In “On Being a Copy of Someone's Mind” I argued as follows:
… my problem with hardcore dualism is this:
If a spirit or soul influences any of my decisions, then it has enough effect on particles in the brain that it should be detectable by physics with the sensitivity of instruments we have now.
If a spirit or soul is affected by the body but does not itself have any effect on the body (Epiphenomenalism), then it is not through any causality from that spirit or soul the spirit or soul that we talk about because it has no causal pathway to move our mouths. God might make our bodies so they talk about our epiphenominal spirits or souls. But our spirits or souls in this case are not talking about themselves on their own behalf.
However, since then, I have been thinking of a type of dualism that is not particularly unlikely: the idea that the world I and others see all around us is a virtual reality videogame—except that this game involves all of our senses and a clouded memory of our lives outside of the videogame. In such a case, it might be that our avatars (which we think of as our whole selves) do a lot of the routine thinking, but the minds of our true selves who entered the videogame are instantiated in substrates beyond and outside of the familiar quarks, leptons, force particles and Higgs bosons that are part of the warp and woof of the programming of the videogame.
If we are indeed in a suped-up virtual reality videogame, our true selves might only intervene in what our avatars are doing once every few seconds, once every few minutes, once every few ours, or even only once every few days if we choose to mostly go along for the ride, treating the videogame as if it were a movie.
These interventions would, indeed, violate the laws of physics, but it could be relatively hard to set up instruments to successfully detect them. Let me assume for the moment that it is seen as making a more fun virtual reality videogame if it is possible to detect that one is inside a videogame. That is, let me suppose that the videogame isn’t set up to hide from a determined experimenter the fact that one is in a videogame. Still, it would require finding a small (but serious) localized violation of the laws of physics we know (which are the default of the videogame we are in), in a hard-to-predict microscopic location in the brain. That is, supposed that someplace in the brain, every minute or so, as our true selves make a choice about what general direction to go in the game, there is a violation of the laws of physics we know.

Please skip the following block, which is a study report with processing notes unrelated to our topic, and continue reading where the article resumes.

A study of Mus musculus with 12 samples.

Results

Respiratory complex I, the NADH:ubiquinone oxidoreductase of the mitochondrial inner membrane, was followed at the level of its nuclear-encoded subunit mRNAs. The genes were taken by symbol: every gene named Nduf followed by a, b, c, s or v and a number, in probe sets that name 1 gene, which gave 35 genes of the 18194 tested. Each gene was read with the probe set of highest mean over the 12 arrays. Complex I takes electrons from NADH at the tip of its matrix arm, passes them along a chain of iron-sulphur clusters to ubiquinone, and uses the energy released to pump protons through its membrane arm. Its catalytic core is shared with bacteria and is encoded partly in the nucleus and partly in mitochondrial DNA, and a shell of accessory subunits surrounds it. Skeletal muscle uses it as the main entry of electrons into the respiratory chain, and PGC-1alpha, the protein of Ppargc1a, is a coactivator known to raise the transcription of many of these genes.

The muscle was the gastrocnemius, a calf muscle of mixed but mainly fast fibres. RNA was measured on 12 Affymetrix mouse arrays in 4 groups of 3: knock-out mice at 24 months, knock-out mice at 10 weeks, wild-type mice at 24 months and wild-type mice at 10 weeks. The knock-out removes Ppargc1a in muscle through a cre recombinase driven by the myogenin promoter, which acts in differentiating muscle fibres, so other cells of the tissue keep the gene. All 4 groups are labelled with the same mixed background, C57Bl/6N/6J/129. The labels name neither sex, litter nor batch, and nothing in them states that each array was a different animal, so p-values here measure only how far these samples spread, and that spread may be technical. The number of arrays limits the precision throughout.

There might be a moral dimension to you and I being in a virtual reality videogame. One can just play the game for fun, or one can play the game as a character-building exercise. Having fun during the game might feel good afterward and having tried hard to do good during the game might feel very rewarding once the game is over.
Discussing this, I notice an oddity: many accounts of dualism have one’s spirit or soul that “inside” one’s body. Why can’t one’s spirit or soul be outside the universe, as it is if I and others are in a virtual reality videogame?
One possibly pernicious aspect of the idea that you and I are in a virtuality reality videogame is that we might make a mistake thinking someone is a computer-generated character who is a real person, and fail to treat them with the care they deserve. On the other hand, someone who seems of low status within the videogame might be a very high status real person outside the videogame; that is a reason to treat everyone well—a little like the way the Greeks said gods would come in disguise to test out people’s hospitality.
One thing I want to insist on is that, although some other versions of duality are more traditional, that carefully considered, any type of duality is at least as odd as the idea that we are inside of a virtual reality videogame.